Things to do in Rhyl, North Wales
Modern-day Rhyl has the Suncentre on the East Parade which is an indoor water park with Europe's first surfing pool.
The nearby SeaQuarium and the new Pavilion Theatre give the seafront a smart appearance with many beach shops in-between.
On the West Parade is the Sky Tower, which is 250 feet high, and the Children's Village theme park.
Ocean Plaza, an apartment and hotel complex with shops now stands on the site of the Ocean Beach Funfair which closed in 2007.
Some of the funfair rides were relocated to Prestatyn including the Spiral Slide, Pepsi Loop Roller Coaster, Nessi, dodgems and waltzers.
The town has a Welsh-speaking primary school, Ysgol Dewi Sant, which has been in operation since 1949.
There is also a successful Football Club that has won the Welsh Premier League among other victories.
Things to do in Rhyl
The six miles of golden sandy beach runs from Rhyl to Prestatyn and has all the traditional family attractions of donkey rides, ball games and sandcastles.
The area is patrolled with lifeguards.
Visit the Lifeboat Station and learn about the life-saving work of the RNLI or book a day of sea fishing from Rhyl Harbour.
The Marine Lake to the west of Rhyl has a miniature railway that runs around it.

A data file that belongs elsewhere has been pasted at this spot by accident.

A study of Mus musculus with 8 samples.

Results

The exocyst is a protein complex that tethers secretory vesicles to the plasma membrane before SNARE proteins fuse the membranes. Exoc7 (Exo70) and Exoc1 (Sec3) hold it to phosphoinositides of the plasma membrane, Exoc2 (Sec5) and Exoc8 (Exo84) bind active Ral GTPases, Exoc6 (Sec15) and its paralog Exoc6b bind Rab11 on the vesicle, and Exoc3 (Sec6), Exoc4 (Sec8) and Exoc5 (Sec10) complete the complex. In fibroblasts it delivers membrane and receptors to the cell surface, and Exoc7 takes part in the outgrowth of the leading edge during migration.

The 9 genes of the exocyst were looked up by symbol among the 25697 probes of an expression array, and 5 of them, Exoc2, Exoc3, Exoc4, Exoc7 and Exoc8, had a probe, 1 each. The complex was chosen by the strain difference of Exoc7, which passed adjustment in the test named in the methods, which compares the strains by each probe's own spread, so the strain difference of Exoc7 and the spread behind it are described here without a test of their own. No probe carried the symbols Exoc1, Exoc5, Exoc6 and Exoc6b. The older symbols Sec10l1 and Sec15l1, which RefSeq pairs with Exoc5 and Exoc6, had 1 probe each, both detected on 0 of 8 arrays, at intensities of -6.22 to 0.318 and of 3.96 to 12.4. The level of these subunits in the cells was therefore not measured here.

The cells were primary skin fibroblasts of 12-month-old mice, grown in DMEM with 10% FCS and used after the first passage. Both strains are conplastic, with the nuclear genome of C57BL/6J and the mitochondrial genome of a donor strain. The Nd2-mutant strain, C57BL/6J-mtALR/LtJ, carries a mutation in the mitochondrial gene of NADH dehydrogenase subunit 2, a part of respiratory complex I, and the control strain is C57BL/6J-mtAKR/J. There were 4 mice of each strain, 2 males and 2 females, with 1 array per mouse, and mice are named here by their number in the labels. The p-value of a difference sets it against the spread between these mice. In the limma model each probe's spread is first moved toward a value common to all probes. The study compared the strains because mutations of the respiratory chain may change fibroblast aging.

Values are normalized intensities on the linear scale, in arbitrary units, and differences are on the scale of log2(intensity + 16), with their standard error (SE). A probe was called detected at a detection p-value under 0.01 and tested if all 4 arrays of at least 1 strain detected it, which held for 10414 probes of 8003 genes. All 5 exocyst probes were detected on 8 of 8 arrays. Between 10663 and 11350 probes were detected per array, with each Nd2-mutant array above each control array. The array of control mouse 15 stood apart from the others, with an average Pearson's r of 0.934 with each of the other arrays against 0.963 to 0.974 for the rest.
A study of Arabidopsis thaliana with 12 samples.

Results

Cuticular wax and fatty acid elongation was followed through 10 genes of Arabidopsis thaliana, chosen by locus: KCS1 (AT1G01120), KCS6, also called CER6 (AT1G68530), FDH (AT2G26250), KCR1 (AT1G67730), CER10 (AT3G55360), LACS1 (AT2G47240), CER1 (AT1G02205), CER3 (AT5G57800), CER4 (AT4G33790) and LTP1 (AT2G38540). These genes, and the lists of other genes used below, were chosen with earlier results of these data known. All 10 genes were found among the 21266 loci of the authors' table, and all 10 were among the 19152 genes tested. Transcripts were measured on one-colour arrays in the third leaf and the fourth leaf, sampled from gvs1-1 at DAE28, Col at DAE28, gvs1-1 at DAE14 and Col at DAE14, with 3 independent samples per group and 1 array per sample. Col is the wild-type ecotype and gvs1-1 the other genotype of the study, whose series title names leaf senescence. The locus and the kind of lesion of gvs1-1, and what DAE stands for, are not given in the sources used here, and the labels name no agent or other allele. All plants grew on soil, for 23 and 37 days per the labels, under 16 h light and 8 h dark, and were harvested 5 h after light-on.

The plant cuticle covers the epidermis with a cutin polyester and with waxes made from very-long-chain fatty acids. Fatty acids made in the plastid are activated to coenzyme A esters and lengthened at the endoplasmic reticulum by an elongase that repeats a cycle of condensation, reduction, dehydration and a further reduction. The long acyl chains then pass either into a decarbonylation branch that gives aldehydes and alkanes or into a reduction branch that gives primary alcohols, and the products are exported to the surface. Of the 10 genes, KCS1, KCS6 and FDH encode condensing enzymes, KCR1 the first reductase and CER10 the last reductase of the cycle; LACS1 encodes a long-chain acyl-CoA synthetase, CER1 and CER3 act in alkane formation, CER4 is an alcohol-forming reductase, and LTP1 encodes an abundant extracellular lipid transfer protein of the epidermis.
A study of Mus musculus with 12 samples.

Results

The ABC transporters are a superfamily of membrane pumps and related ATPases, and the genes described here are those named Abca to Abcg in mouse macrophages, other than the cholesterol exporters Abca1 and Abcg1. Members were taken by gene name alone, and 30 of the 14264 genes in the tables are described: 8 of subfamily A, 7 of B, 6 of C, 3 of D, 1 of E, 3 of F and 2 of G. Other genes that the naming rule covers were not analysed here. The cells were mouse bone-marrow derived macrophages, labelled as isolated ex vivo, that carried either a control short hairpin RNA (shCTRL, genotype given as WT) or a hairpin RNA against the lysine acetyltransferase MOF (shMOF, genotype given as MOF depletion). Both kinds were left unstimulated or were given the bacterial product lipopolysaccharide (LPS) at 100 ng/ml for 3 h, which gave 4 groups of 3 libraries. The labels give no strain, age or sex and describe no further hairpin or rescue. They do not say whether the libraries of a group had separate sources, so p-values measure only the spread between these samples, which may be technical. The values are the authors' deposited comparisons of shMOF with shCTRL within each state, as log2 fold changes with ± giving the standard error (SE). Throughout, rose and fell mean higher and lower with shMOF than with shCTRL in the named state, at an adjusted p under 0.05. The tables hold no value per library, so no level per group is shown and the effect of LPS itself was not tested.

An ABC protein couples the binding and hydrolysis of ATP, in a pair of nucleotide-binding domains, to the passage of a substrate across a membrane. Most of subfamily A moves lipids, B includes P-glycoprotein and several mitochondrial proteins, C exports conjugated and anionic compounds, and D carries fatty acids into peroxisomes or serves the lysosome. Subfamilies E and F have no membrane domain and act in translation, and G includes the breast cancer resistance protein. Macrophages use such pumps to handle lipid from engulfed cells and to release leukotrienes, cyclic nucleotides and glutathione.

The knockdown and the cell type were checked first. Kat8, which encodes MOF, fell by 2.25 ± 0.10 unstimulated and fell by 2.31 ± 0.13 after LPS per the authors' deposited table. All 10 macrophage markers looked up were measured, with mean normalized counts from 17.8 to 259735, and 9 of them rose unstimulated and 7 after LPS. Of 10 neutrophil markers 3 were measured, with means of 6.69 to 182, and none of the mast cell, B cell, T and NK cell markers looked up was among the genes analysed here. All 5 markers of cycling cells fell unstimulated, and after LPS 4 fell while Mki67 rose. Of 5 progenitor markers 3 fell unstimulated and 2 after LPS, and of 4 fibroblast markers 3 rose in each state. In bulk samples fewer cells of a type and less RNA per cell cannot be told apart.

There is also a new museum, a railway centre and a children's playground.
There are several local watersports clubs that make use of the lake.
The area has four golf courses in stunning Welsh countryside and there is Crown Green Bowling with regular tournaments.
For walkers, Rhyl has many coastal walks and footpaths and the Offa's Dyke Footpath starts at nearby Prestatyn.
History of Rhyl
Rhyl was a small village of 300 people until the 1830s.
It became an elegant seaside resort in Victorian times, attracting thousands of visitors and day-trippers from the northwest of England.
It had a magnificent Pavilion Theatre with five domes, and a pier, both now demolished.
The oldest house in Rhyl is Barratt's of Tyn Rhyl, which is now used as a hotel and restaurant.
The former Welsh Baptist Tabernacle Chapel was built in 1867.
After lying derelict for some time it was bought by the Muslim community and is now an Islamic Cultural Centre.
However, by 1990 as people holidayed abroad, the town was in decline and unemployment was high.
A series of regeneration projects funded by the EU has given the seafront a new lease of life.
Notable residents of Rhyl include Ruth Ellis, the last woman to be hanged in Britain; Arthur Cheetham, first Welsh filmmaker; actress Nerys Hughes and comedian Lee Evans.
The present-day town of Rhyl has a population of around 24,000 people.